HONOLULU - U.S. Rep. Colleen Hanabusa of Hawaii announced her candidacy for U.S. Senate on Thursday, setting up a primary showdown that almost certainly will be the state's marquee race next year.
The former state lawmaker starting her second term in Congress will be running against fellow Democrat and incumbent U.S. Sen. Brian Schatz, who was appointed to the post after longtime Sen. Daniel K. Inouye died in December.
Schatz's appointment by Gov. Neil Abercrombie came as a surprise to some in Hawaii, after Inouye wrote the governor just before he died saying that his last wish was to have Hanabusa named to replace him.
Hanabusa told The Associated Press on Thursday that voters in the islands didn't have much of a chance to influence Abercrombie's decision.
"Brian was not elected. He was appointed," she said. "And I don't think the people have really had an opportunity to weigh in on who they want to represent them in the United States Senate."
Schatz is a former lieutenant governor who has already stockpiled more than $1 million in campaign cash and more than a dozen endorsements from key groups. Under Hawaii law, Schatz was sworn in immediately after being appointed for a term to last until the state's next election - next year's midterms.
Hawaii's primary is Aug. 9, 2014. The winner between Schatz and Hanabusa would then need to win a general election against a Republican or other opponents, though no other major candidates have declared themselves in the race. The 2014 winner will hold the seat for two years until 2016, the end of Inouye's original term.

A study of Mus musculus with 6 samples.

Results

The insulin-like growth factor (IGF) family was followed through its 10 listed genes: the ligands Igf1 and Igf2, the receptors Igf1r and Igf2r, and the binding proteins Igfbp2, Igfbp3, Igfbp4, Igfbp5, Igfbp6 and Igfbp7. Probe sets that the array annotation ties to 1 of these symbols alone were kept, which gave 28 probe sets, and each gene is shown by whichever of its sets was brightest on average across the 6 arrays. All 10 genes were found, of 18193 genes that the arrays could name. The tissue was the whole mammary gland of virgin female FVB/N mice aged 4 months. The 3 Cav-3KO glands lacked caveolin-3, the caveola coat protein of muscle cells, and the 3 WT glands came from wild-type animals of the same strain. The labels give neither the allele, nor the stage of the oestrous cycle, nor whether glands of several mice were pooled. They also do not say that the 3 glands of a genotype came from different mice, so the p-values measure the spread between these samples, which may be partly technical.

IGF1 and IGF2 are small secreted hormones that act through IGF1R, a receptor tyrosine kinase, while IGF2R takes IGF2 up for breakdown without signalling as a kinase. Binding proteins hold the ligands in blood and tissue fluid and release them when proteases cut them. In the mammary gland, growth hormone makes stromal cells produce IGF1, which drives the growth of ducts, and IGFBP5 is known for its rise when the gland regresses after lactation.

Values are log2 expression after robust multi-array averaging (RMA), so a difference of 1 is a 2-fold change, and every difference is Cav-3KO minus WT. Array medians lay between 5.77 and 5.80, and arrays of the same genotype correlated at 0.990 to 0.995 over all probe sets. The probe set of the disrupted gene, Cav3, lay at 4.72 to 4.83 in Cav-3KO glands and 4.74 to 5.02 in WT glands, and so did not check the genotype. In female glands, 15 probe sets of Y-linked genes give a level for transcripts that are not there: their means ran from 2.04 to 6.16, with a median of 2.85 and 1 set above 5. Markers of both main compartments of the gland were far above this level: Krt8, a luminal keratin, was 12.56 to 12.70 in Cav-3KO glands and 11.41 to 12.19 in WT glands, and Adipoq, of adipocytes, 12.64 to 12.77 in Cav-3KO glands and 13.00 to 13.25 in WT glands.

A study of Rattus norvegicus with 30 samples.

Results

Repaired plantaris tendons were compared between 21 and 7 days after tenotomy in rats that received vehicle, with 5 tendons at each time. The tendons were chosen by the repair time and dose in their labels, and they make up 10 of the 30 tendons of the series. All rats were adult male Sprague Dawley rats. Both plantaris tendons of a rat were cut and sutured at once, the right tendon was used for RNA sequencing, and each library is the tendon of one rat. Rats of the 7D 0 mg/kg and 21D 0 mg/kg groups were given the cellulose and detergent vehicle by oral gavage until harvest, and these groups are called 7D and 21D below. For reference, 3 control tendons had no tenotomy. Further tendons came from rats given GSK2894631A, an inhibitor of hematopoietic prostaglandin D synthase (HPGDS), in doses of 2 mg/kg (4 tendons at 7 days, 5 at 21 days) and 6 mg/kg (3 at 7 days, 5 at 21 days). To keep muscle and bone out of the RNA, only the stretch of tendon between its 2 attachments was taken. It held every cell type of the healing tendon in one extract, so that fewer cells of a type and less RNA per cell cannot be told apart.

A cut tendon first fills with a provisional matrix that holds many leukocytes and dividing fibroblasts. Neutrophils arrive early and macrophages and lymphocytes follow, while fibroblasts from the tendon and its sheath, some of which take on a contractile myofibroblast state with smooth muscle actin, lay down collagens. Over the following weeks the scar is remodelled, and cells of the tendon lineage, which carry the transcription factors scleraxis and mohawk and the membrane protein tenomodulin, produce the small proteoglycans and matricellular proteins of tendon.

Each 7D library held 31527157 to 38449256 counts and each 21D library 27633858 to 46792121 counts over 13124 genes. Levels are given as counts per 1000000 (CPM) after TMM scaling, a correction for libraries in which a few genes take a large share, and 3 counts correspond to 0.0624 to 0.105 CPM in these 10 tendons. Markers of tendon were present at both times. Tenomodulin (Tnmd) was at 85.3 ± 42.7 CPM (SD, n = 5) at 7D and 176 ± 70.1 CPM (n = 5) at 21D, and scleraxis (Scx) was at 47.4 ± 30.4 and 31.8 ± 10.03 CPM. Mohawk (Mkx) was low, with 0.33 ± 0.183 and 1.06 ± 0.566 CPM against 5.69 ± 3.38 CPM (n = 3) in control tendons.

Hanabusa's presence in the race gives Schatz a true opponent in a state known to vote heavily Democratic; in an open Senate race last year, Democrat and then-U.S. Rep. Mazie Hirono trounced Republican former Gov. Linda Lingle by double digits.
It's the first time voters will directly pick a replacement for Inouye.
"We are going to afford them that opportunity," Hanabusa said.
Hanabusa said that while she disagrees with Abercrombie's pick of Schatz, she acknowledges that it was his decision to fill the seat.
"That doesn't then somehow say that Brian is entitled to that seat and that he is an incumbent in the true sense of the word," Hanabusa said.
Schatz's campaign spokes-man Bill Meheula said in a statement that the race will be about the kind of future Hawaii wants for its people and next generation.
"We look forward to sharing the senator's work and vision for Hawaii, and we welcome Rep. Hanabusa to the race," Meheula said.
Earlier Thursday, the campaign announced endorsements of Schatz from the Hawaii Fire Fighters Association and the United Food and Commercial Workers Union.
Hanabusa says Hawaii's delegation became younger after Inouye died and that she has the most experience of any candidate.
Hanabusa says Inouye's letter to Abercrombie endorsing her was a high compliment that came after years of conversations she had with Inouye about succession and the right time for her to move from the House to the Senate.
According to the Federal Election Commission, Schatz had $1 million in campaign cash as of March 31, compared with nearly $249,000 for Hanabusa. The Democratic Senatorial Campaign Committee plans to back Schatz.
Hanabusa said she doesn't think her Senate run will cost Democrats a seat in the House.